People are interested in core exercises mainly because everybody wants the small waist and six pack abs. And who wouldn’t? But the six pack section, the rectus abdominis, is only one part of the groups of muscles that make up a strong core.
To get a strong, healthy core, you need to work all of the core muscles – your abs, obliques, hips, and lower back. They are essential to back health, overall strength, just about anything you do that involves movement.
Keep in mind that as important as core strengthening exercises are when it comes to looking your best, the idea that you can tone one part of your body in isolation is a myth. If you work hard on your abs and want them to show, you have to burn fat off of your whole body.
If you’re over 30% body fat now, all the sit-ups, crunches, or ab equipment reps in the world aren’t going to make your abs show. At least not within the 6 weeks that a lot of exercise equipment peddlers ridiculously promise.
With that in mind, keep your motivation up by keeping your expectations in line with reality. Then set goals accordingly. For your abs to show there has to be very little fat between your muscles and your skin. That means a low body fat percentage all over the body. That means strength training including core exercises, PLUS nutrition, PLUS cardio.
More good news. Most of the fat in the body gathers around the midsection, especially for men. So you really have to burn most of the fat off of your whole body before you even start noticing a decrease around your waist.
You can do it. Be realistic about where you are now and make a goal to get to the next step. Make a goal you can reach, whether it’s 10 pounds or 5% body fat, work to reach that goal, then set the next one. It’s a process.
You’ll notice an overlap between core exercises and ab exercises. That’s because the abdominals are part of the core. That means abdominal exercises are really just a subset of core exercises.
This page will cover some great stability and rotational exercises. The ab exercises page will cover other great trunk and hip flexion exercises. You can count them all as highly effective core strengthening exercises.
Plank exercises are outstanding for building strength in your entire core, not just the abs, but also the obliques, lower back, and hips.
You almost always see people either with their butt way up in the air, or their hips sagging to the ground when they're trying to do what they call "planks". To do the plank exercise right, your body has to be a straight line. Simple enough, right? From the back of your head, to your back, to your butt, to your heels is a straight line.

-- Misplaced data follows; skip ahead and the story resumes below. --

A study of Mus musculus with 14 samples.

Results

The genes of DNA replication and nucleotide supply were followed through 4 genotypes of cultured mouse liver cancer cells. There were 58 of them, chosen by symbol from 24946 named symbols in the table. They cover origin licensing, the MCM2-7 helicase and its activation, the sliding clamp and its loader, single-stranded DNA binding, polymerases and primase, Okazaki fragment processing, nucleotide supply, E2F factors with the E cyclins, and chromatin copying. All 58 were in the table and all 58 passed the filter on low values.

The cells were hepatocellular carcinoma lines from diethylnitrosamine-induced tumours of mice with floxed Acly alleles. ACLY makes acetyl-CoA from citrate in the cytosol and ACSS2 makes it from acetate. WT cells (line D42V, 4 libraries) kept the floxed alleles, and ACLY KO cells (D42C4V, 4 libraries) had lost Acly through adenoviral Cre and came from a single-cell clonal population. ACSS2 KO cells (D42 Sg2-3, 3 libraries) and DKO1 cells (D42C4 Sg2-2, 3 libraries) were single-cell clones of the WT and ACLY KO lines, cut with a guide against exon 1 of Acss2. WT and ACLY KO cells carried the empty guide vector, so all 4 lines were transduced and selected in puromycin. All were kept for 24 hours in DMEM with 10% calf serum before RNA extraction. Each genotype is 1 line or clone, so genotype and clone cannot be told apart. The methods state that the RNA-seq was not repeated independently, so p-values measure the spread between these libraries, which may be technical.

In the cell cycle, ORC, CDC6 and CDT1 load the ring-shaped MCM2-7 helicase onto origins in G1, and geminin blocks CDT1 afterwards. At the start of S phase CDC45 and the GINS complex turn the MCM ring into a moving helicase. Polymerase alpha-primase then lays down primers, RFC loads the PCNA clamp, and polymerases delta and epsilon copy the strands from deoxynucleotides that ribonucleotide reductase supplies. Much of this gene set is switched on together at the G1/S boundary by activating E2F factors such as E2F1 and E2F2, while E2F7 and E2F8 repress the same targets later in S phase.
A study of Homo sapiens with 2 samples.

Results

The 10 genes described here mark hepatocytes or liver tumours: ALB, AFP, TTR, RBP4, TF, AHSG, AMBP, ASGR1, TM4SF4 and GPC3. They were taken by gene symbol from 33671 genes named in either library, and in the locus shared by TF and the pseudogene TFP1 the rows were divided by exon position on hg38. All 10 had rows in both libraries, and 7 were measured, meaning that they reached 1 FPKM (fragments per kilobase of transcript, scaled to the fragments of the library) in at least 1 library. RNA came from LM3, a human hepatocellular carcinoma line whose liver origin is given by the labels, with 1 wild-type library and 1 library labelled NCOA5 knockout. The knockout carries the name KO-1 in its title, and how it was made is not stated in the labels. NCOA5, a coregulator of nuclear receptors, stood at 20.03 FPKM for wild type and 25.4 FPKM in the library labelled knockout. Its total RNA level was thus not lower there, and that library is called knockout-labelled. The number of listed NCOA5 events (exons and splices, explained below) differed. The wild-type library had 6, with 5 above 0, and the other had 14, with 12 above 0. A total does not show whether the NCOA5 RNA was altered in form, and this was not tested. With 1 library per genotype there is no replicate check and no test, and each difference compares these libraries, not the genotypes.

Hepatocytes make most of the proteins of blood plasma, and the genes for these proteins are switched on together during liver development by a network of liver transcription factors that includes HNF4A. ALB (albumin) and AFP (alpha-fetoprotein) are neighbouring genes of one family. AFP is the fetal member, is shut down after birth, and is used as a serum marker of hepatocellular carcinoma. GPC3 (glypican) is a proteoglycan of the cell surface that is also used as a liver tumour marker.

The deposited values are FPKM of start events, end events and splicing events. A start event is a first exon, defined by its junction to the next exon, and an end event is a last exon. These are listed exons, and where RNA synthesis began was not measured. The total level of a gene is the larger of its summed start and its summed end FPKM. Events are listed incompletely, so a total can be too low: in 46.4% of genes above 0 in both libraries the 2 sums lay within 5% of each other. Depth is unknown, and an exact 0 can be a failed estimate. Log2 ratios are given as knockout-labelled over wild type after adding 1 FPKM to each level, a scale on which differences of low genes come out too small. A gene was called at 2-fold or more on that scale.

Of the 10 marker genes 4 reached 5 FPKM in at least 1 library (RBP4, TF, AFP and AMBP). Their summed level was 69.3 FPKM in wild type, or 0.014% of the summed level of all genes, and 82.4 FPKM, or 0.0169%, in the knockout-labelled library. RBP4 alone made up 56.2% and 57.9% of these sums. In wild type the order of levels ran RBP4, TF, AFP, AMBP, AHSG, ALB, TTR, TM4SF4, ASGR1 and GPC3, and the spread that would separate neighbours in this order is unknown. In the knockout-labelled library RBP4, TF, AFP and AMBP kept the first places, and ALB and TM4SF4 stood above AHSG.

Check out the plank exercise page for more coaching tips and a lot of great modifiers. You can do more with planks than you may think.
The side plank exercise is great for the entire core. It will help tighten the abs and obliques, while it strengthens the back and hips.
Again, straight line. Believe me, it's not a bad idea to have your friend check you for form or at least check your shadow when doing the side plank. Your hips or your head can be more out of line that you realize.
To get the benefit, you have to be perfectly straight. Just like with the plank exercise, there are a lot of core exercises you can do with side planks. Read on to get some ideas you may not have thought of yet.
The quadruped is a simple and effective exercise that works your core and ab muscles without the strain on your back that sit ups and crunches and cause.
The basic mountain climber exercise is a calisthenic exercise that is great for the core. The movement is pretty basic and the modifiers are easy to pick up. Like all stability exercises, though, form is the key to getting the benefit
These exercises work all of the abdominal muscles, but really target your obliques. They also help your abdominal muscles work with the muscles in your hips and lower back. That will allow you to rotate your body with more power.
Did you catch that last part tennis players? Baseball players? Softball players? Racquetball players? Golfers?
The Russian Twist exercise is a classic core exercise. It is normally associated with the obliques, but it really works the entire core. This exercise can be modified to be effective for everyone from the beginner to the seasoned athlete by simply adjusting the angle of the upper body and adding weight.
The Hip Crossover works all of the muscles of the core including the obliques and the lower back. It will also improve flexibility. This is a great warm up exercise before any sport that requires powerful rotation.